9 Breast Cancer Statistics Everyone Should Know In 2019
October is Breast Cancer Awareness Month, and though you're probably familiar with efforts to find a cure, you may not realize just how prevalent the disease is. Ultimately, hundreds of thousands of women are affected every year, and that only scratches the surface. Staying on top of statistics about breast cancer and strides in research is crucial if you want to be part of the push for a cure this month and throughout the rest of the year.
The American Cancer Society released a new report Wednesday that predicts nearly 42,000 women in the United States will die of breast cancer in 2019. As the Centers for Disease Control and Prevention point out, men can also get breast cancer, albeit at a much lower rate. Given the urgency, some organizations have been working to emphasize action over awareness, Marketplace reported on the first day of Breast Cancer Awareness Month. That can include supporting survivors, donating to research organizations, and educating yourself. And when it comes down to it, learning about risk factors, preventative measures, and how to perform a breast self-exam is always a good idea too, regardless of your personal risk.
Here are 9 especially important statistics everyone should take into account this month:
1. 268,600 Women Are Expected To Be Diagnosed In 2019
More than 271,000 people in the U.S. are expected to be diagnosed with breast cancer in 2019, with the majority being women, according to the American Cancer Society. To put this number in perspective, someone is diagnosed with breast cancer in the U.S. roughly every two minutes, per the National Breast Cancer Foundation. While certain demographics are at a higher risk for breast cancer, the disease affects women from all backgrounds.
2. Death Rates Are Declining
There is some encouraging news: mortality rates for breast cancer continue to trend downward. While more people are being diagnosed with breast cancer, according to the American Cancer Society, the death rate declined 40% from 1989 to 2017.
3. 1 in 8 Women Will Be Diagnosed In Their Lifetimes
Per breast cancer nonprofit organization Susan G. Komen, 1 in 8 women in the U.S. will be diagnosed with breast cancer in their lives, which means that 12.5% of women will receive a breast cancer diagnosis. That means there's a good chance that someone you've met has been affected by the disease.
4. Early Detection Increases Survival Rates
Sixty-two percent of breast cancer patients are diagnosed before the disease spreads, according to the American Cancer Society — and the 5-year survival rate for localized breast cancer is 99%. Mammograms can detect breast tumors long before you'd feel anything in a self-exam, so regular testing can make a difference.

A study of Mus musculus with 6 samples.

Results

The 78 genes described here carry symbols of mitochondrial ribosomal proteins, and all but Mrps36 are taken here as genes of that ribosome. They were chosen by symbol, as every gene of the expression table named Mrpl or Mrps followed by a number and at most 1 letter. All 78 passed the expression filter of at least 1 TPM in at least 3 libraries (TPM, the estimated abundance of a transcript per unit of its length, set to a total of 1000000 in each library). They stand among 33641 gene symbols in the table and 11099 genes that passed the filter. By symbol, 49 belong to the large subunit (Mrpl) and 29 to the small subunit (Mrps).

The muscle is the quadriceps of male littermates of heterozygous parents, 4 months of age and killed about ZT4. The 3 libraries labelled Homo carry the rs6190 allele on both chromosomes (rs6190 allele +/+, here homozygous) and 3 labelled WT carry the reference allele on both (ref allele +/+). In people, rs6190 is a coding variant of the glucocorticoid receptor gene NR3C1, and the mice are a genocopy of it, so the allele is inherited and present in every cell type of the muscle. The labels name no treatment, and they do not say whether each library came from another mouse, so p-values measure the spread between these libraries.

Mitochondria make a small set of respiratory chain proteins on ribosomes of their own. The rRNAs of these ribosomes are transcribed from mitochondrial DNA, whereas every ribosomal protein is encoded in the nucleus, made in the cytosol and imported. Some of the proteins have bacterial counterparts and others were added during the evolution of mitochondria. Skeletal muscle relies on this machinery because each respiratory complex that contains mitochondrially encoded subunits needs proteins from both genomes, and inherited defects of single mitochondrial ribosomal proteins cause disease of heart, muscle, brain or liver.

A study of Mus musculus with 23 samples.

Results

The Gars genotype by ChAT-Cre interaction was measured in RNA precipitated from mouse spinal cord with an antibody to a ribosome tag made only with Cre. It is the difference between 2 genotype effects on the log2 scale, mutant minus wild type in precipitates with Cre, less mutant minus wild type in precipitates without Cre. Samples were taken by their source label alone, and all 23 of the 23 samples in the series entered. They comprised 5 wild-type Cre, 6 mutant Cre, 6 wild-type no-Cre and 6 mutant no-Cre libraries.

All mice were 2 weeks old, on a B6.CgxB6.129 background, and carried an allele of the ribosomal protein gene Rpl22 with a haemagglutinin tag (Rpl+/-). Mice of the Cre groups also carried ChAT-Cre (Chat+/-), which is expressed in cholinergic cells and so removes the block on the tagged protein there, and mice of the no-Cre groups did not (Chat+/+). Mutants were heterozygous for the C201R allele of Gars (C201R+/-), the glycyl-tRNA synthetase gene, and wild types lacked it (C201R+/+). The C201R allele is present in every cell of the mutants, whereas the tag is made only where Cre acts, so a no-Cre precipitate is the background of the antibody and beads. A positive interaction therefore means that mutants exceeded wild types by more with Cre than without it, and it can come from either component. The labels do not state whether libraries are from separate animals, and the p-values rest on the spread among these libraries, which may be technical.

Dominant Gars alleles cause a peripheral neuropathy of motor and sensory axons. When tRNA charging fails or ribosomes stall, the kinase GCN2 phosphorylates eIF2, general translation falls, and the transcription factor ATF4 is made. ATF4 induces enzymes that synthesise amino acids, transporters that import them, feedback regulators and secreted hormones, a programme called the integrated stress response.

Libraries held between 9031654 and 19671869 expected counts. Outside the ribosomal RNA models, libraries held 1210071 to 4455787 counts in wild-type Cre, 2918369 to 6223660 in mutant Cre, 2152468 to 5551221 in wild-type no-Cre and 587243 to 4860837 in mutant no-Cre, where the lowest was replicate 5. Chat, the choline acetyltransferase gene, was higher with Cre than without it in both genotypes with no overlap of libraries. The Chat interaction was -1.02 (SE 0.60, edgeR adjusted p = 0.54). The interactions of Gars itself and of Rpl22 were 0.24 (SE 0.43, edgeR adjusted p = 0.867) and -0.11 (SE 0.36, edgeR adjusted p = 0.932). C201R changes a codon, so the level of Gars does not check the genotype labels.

5. Black Women Are At Higher Risk
Even though breast cancer death rates are declining for all races, Black women are still more likely to die from the condition than white women — the survival rate for Black women is about 10% less than it is for white women. According to research from the Breast Cancer Research Foundation, this may happen because Black women face more barriers to accessing care.
6. Breast Cancer Is The Most Fatal Cancer For Hispanic Women
Lung cancer is the most fatal cancer for women in the U.S. overall, but it's the leading cause of cancer death for Hispanic women, even though they are diagnosed with breast cancer at lower rates. Per the American Cancer Society, Hispanic women are less likely to receive timely treatment, which could contribute to survival rates.
7. Breast Cancer Is The Most Common Cancer Among Pregnant Women
According to the American Society of Clinical Oncology, breast cancer is the most common cancer among pregnant women, and it can be hard to detect because pregnancy can cause the size and texture of your breasts to change. Breast cancer in pregnancy can sometimes be safely treated without harming the fetus — it depends on how aggressive the cancer is. If you're pregnant and notice a breast lump, it's always a good idea to tell your obstetrician right away.
8. Women Older Than 50 Are At A Higher Risk
Even though it's more common among older women, breast cancer affects women of all ages, which is why it's important to check your breasts for any irregularities, like dimpling, redness, lumps and nipple discharge.
9. Family History Increases Your Risks Of Breast Cancer
If your mom, sister or daughter is diagnosed with breast cancer, you are twice as likely to develop breast cancer yourself, according to the American Cancer Society. Because family history is such a huge risk factor, you should talk to your doctor if a close relative is diagnosed with the disease.
In addition to staying informed, National Breast Cancer Awareness Month is also an opportunity to help breast cancer survivors and support the search for a cure. If you want to get more actively involved, the National Breast Cancer Foundation has some recommendations, and it's a great place to start. And lastly, you can take a look at breast cancer research organizations if you'd like to donate.